Well, the presidential candidates may be falling all over themselves not to raise taxes (although, if you notice, all of their flat tax plans would raise taxes on the lowest income earners, so it's not strictly correct to say that they won't raise taxes), but in a surprisingly bipartisan move, there are some congressional Republicans who are starting to look more reasonable:
Breaking with party orthodoxy, 40 House Republicans urged Congress' supercommittee on Wednesday to consider all options for raising revenue as they hunt for ways to trim the gargantuan $14.8 trillion national debt.
Though in a letter to the special debt-reduction panel the GOP lawmakers studiously avoided specific proposals that the signees admitted could shatter the group's unanimity, it seemed to at least crack the door open to the potential consideration of tax increases.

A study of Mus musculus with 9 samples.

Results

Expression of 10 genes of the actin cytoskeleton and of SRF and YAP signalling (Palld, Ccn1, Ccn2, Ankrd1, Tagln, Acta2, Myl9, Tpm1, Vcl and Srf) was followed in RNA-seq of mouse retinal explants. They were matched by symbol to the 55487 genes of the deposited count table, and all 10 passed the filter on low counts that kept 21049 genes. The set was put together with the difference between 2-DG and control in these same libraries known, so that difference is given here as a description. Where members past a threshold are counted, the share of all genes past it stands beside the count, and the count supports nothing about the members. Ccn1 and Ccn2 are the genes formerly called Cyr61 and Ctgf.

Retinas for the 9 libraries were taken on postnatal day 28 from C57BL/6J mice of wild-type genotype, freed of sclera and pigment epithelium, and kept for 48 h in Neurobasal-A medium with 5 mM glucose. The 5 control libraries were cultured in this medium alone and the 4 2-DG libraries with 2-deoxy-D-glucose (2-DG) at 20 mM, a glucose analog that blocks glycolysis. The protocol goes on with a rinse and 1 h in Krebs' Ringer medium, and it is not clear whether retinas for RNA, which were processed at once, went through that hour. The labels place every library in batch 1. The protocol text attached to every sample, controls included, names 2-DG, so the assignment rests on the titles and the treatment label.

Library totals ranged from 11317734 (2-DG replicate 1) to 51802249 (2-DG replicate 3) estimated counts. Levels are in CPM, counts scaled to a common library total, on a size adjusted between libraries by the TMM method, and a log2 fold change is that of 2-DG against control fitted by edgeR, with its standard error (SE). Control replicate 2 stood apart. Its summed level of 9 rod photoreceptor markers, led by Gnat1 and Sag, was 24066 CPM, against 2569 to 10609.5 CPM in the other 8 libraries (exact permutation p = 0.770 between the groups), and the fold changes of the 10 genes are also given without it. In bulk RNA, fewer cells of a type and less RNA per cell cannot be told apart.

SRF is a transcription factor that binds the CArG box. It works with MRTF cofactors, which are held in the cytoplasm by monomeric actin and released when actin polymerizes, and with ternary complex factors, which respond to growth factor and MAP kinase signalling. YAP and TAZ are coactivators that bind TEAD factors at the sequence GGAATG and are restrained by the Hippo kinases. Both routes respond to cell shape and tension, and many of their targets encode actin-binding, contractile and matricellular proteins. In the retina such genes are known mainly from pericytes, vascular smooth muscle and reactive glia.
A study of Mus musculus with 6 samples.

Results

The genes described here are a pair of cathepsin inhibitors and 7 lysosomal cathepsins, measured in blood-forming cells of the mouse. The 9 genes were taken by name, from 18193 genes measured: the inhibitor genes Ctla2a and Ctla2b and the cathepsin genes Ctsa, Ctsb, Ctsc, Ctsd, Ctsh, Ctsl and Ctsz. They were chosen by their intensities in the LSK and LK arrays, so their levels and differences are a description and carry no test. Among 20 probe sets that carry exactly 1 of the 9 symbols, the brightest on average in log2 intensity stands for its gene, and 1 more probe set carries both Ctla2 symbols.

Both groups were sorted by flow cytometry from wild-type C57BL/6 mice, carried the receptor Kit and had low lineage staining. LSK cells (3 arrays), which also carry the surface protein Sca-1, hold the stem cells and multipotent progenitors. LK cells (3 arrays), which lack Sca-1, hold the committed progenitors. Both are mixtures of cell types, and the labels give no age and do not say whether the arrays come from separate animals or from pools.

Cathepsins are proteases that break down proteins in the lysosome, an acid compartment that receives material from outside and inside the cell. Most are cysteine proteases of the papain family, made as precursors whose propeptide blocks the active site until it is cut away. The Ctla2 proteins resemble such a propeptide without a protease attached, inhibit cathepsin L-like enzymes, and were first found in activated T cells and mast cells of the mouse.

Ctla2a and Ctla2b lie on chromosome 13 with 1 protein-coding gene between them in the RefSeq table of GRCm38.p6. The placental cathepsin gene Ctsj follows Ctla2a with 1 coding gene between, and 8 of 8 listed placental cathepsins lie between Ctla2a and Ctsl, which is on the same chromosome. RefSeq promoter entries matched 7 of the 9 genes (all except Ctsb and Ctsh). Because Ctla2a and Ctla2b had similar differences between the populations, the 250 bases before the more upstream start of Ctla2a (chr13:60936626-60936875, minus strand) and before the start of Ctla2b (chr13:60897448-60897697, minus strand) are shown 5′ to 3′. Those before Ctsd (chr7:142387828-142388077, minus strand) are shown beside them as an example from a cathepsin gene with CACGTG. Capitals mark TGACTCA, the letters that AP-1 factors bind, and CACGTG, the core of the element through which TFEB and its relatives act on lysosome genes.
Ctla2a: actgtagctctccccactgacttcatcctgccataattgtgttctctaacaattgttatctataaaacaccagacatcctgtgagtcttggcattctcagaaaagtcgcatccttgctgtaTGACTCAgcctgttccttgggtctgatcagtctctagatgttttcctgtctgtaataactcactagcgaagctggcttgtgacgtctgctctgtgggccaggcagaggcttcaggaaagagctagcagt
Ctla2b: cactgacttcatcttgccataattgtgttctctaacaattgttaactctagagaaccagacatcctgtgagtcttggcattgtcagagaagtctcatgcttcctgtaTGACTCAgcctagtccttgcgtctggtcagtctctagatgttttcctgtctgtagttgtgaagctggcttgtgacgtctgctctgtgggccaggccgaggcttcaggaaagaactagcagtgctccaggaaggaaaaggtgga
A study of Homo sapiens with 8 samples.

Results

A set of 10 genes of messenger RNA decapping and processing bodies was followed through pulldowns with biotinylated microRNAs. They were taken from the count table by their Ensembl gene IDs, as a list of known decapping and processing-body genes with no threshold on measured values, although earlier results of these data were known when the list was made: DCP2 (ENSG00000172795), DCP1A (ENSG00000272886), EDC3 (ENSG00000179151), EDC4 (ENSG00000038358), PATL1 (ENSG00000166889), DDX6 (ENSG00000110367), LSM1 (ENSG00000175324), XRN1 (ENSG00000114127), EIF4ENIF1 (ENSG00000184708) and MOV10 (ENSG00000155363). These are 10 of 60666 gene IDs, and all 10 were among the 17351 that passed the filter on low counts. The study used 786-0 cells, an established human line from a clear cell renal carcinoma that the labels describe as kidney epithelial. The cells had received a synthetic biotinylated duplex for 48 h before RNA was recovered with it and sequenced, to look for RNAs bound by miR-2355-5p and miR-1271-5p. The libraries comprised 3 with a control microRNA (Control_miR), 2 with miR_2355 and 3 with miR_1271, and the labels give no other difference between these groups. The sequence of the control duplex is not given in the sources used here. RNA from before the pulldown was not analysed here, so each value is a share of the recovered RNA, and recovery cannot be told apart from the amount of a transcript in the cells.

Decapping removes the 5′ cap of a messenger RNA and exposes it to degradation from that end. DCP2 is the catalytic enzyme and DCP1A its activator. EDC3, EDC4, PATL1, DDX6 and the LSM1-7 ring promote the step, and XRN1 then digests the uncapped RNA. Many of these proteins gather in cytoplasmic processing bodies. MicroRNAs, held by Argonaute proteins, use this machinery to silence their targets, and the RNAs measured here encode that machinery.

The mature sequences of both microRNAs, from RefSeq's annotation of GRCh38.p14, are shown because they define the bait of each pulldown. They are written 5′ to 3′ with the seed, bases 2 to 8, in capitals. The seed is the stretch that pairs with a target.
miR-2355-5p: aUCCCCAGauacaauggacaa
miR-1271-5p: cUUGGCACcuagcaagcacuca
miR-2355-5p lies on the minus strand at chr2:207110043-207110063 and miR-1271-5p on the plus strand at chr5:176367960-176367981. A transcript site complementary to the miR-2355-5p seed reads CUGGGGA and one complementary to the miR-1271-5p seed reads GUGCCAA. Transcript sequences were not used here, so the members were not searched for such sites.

That seemed to separate the 40 Republicans from many of their GOP colleagues, who have said they would only consider new revenue generated by a stronger economy.
The GOP lawmakers joined with 60 House Democrats in the letter, which also called on the supercommittee to keep the door open for savings culled from benefit programs like Medicare, a path opposed by many Democrats. In addition, the letter said the special committee should aim for $4 trillion in 10-year savings - more than triple the panel's mandated minimum target of $1.2 trillion.
At a news conference and in separate interviews Wednesday, Republican participants shied away from expressing an unconditional willingness to accept tax increases as part of a final deal.
The Republicans are still focusing on the cutting of expenses side of the equation, without question. However, to have them acknowledge that their dogmatic and inflexible stance on no raising of taxes may be the answer for Grover Norquist, but not for the rest of the country I think shows that the messages of the Occupy movement is piercing through the Beltway Bubble.